Batteries come in all shapes and sizes and there could be as many types as there are species of dog. Rather than giving batteries unique names as we do with pets, we distinguish batteries by chemistry, voltage, size, specific energy (capacity), specific power, (delivery of power) and more. A battery can operate as a single cell to power a cellular phone, or be connected in series to deliver several hundred volts to serve a UPS (uninterruptible power supply system) and the electric powertrain of a vehicle. Some batteries have high capacity but cannot deliver much power, while a starter/engine battery has a relatively low capacity but can crank the engine with 300A.
The largest battery systems are used for grid storage to store and delivery energy derived from renewable power sources such as wind turbines and solar systems. A 30-megawatt (MW) wind farm uses a storage battery of about 15MW. This is the equivalent of 20,000 starter batteries and costs about $10 million. One mega-watt feeds 50 houses or a super Walmart store. Let’s now examine each of the battery characteristics further.
The most common chemistries are lead, nickel and lithium. Each system requires its own charging algorithm. Unless provisions are made to change the charge setting, different battery chemistries cannot be interchanged in the same charger. Also observe the chemistry when shipping and disposing of batteries; each type has a different regulatory requirement.
Voltage describes the nominal open circuit voltage (OCV), which varies with chemistry and number of cells connected in series. Always observe the correct voltage when connecting to a load or a charger. Do not proceed if the voltage does not agree.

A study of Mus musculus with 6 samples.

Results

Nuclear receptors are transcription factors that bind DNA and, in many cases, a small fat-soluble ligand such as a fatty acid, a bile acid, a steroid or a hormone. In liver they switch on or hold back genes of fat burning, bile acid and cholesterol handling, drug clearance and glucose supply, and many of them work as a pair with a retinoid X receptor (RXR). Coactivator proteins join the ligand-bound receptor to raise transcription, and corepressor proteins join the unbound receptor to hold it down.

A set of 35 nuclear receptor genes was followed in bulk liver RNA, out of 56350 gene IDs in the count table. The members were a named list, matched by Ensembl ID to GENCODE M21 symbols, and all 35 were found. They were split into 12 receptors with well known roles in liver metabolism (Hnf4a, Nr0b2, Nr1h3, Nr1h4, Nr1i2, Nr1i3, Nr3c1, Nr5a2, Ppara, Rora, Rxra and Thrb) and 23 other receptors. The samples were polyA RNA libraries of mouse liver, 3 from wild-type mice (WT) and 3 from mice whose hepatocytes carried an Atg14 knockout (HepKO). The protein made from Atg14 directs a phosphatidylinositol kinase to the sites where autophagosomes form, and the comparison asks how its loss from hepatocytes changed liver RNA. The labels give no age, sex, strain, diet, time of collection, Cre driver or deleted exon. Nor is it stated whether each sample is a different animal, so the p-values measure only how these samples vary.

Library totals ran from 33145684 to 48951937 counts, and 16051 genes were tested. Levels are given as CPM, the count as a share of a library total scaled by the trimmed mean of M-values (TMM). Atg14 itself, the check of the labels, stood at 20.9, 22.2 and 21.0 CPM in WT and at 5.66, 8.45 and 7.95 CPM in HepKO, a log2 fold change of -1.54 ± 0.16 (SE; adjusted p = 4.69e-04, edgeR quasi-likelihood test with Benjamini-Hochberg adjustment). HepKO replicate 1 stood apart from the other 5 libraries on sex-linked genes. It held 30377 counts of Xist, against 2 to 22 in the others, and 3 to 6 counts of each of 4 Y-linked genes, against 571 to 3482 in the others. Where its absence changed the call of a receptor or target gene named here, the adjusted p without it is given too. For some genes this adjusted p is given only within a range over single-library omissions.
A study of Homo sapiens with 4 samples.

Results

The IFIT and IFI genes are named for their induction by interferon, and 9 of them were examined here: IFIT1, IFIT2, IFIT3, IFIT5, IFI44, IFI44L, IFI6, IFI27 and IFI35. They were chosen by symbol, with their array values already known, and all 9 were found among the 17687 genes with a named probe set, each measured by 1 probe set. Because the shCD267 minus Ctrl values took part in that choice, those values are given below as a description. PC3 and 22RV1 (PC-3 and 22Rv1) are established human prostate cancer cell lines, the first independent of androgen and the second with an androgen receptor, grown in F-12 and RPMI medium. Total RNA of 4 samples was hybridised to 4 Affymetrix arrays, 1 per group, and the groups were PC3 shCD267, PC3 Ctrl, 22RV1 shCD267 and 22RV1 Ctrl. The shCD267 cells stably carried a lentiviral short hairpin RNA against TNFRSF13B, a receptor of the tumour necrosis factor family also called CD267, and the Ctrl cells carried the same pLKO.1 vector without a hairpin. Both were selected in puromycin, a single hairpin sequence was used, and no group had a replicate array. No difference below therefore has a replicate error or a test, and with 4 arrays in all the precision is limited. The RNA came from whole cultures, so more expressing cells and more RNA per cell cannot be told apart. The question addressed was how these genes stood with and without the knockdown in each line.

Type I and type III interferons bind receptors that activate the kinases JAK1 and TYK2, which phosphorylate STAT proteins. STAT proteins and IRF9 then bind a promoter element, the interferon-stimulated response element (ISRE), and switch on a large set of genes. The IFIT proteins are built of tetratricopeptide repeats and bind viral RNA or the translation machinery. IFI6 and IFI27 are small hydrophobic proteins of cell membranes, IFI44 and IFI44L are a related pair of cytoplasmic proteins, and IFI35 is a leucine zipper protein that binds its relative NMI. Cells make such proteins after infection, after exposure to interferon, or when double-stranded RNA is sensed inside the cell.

Capacity represents the specific energy in ampere-hours (Ah). Manufacturers often overrate a battery by giving a higher Ah rating than it can provide. You can use a battery with different Ah (but correct voltage), provided the rating is high enough. Chargers have some tolerance to batteries with different Ah ratings. A larger battery will take longer to charge than a small one.
Cold cranking amps (CCA)
CCA specifies the ability to draw high load current at –18°C (0°F) on starter batteries. Different norms specify dissimilar load durations and end voltages.
Specific energy and energy density
Specific energy or gravimetric energy density defines the battery capacity in weight (Wh/kg); energy density or volumetric energy density is given in size (Wh/l). A battery can have a high specific energy but poor specific power (load capability), as is the case in an alkaline battery. Alternatively, a battery may have a low specific energy but can deliver high specific power, as is possible with the supercapacitor. Specific energy is synonymous with battery capacity and runtime.
Specific power or gravimetric power density indicates the loading capability, or the amount of current the battery can provide. Batteries for power tools exhibit high specific power but have reduced specific energy (capacity). Specific power is synonymous with low internal resistance and the delivery of power.
C-rates specify charge and discharge currents. At 1C, the battery charges and discharges at a current that is par with the marked Ah rating; at 0.5C the current is half, and at 0.1C it is one tenth. On charge, 1C charges a good battery in about one hour; 0.5C takes 2 hours and 0.1C 10 to 14 hours.
Also known as electromotive force (EMF), the load draws energy from the battery. Internal battery resistance and depleting state-of-charge cause the voltage to drop.
Watts and Volt-amps (VA)
Power drawn from a battery is expressed in watts (W) or volt-amps (VA). Watt is the real power that is being metered; VA is the apparent power that determines the wiring sizing and the circuit breakers. On a purely resistive load, watt and VA readings are alike; a reactive load such as an inductive motor or florescent light causes a drop in the power factor (pf) from the ideal one (1) to 0.7 or lower. For example, a pf of 0.7 has a power efficiency of 70.